Saturday, May 12, 2012

Balancing skills and synergy

A recent conversation regarding customization and rules abuse to obtain certain optimization benefits got me thinking in the need to balance skill point assignment.  Optimization occurs when a player customizes a character in an extreme way that leads to game balance issues.  In the particular case of D&D I believe this is due to the linear nature of skill rank and point assignment.  There is no increased cost for improving a rank as long as you're level is high enough.  So going from 3 to 4 costs the same as going from 8 to 9.  This makes it very easy for a player to optimize certain skills and become ubber good at something.

If costs were cuadratic then it would cost considerably more to go from 8 to 9 than 3 to 4.  Quite prohibitively so.  Players would soon reach a point in which raising the rank of a skill does not provide the benefit enough to justify the cost.  It is much better to improve in other fields that would be cheaper and give a better point to benefit ratio.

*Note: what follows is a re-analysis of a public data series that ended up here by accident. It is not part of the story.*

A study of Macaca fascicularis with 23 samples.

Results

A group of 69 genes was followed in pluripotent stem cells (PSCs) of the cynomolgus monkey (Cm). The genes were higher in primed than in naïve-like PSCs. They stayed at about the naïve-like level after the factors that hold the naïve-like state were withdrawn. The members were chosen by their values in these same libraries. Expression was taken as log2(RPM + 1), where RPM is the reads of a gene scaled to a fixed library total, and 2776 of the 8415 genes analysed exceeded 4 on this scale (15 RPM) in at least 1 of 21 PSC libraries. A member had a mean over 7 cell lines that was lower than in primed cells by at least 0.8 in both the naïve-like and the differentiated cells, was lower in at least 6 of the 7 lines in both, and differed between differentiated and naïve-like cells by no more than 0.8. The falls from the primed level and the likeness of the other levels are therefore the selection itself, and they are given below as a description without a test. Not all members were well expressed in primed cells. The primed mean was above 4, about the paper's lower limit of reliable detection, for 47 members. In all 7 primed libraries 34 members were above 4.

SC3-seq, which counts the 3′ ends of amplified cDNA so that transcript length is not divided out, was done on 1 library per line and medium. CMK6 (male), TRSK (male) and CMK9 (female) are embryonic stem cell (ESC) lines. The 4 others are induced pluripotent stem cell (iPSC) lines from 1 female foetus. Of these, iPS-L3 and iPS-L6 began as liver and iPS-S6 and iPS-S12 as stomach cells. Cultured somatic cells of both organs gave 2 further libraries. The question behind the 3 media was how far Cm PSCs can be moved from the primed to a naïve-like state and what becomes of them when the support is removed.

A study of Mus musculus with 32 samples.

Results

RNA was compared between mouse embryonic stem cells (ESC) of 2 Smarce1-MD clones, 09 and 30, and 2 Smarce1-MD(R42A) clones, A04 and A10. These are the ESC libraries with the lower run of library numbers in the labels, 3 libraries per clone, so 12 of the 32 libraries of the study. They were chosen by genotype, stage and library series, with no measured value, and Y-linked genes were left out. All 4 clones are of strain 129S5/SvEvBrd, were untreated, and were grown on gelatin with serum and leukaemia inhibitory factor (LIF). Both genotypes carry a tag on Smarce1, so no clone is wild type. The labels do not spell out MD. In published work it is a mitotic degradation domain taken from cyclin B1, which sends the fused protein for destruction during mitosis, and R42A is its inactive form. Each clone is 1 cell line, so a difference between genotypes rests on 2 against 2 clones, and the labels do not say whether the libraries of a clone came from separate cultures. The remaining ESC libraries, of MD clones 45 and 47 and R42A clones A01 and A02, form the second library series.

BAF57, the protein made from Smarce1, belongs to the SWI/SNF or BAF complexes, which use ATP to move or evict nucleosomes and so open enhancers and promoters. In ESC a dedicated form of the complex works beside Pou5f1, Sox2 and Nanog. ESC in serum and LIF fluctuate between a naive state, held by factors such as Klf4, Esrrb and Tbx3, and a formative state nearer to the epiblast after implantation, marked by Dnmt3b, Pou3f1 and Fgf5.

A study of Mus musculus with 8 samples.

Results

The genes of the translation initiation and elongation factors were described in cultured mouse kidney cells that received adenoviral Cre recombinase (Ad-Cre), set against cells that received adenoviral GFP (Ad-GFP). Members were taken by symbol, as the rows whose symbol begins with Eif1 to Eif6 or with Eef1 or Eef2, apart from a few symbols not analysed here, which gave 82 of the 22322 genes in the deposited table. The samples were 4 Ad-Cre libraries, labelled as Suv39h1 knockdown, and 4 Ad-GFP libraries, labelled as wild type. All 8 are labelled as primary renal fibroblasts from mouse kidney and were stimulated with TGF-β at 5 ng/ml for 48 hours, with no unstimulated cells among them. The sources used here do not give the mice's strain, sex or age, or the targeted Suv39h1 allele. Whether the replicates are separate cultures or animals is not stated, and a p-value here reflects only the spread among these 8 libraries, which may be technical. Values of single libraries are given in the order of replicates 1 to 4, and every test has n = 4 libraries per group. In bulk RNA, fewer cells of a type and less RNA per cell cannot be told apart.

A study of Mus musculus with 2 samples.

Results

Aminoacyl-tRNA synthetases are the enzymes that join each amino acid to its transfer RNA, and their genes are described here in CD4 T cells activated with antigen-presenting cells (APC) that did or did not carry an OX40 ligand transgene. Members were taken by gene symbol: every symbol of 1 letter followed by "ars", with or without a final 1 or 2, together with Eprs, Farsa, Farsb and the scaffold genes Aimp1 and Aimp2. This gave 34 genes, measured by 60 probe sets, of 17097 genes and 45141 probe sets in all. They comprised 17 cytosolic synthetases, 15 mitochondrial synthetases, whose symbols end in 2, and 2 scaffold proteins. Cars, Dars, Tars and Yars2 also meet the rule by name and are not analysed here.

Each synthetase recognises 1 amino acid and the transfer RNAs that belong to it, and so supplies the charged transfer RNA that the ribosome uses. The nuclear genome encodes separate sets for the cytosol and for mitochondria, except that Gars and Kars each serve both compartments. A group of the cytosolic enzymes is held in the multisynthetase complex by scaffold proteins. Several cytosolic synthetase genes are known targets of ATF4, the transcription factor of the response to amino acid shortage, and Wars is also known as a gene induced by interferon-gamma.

As I solution I've been working on an XP tax system that accounts for the character's constant training to keep skills in shape.  The more you're skilled at something the more you'll have to pay to keep up that skill.  So overly skilled characters would pay a heavy XP tax.  This tax is literally deducting from XP assignment.  If you earn 2000 XP in an adventure and your tax is 10% you only get 1800 XP.

This makes players think twice about optimizing a value.  As a high skill doesn't only cost a lot to get it keeps costing on and on and on.  The higher XP tax derived from that skill affects all gameplay.  So a high skill kept to be used in combat for some specific advantage costs the player a lot of XP even if it wasn't used at all during a particular adventure.

Obviously this does not prevent optimization, but is sure promotes its disuse.  Players that are willing to pay the high price for an overly optimized character are free to optimize, but their advancement will be hindered in comparison to others.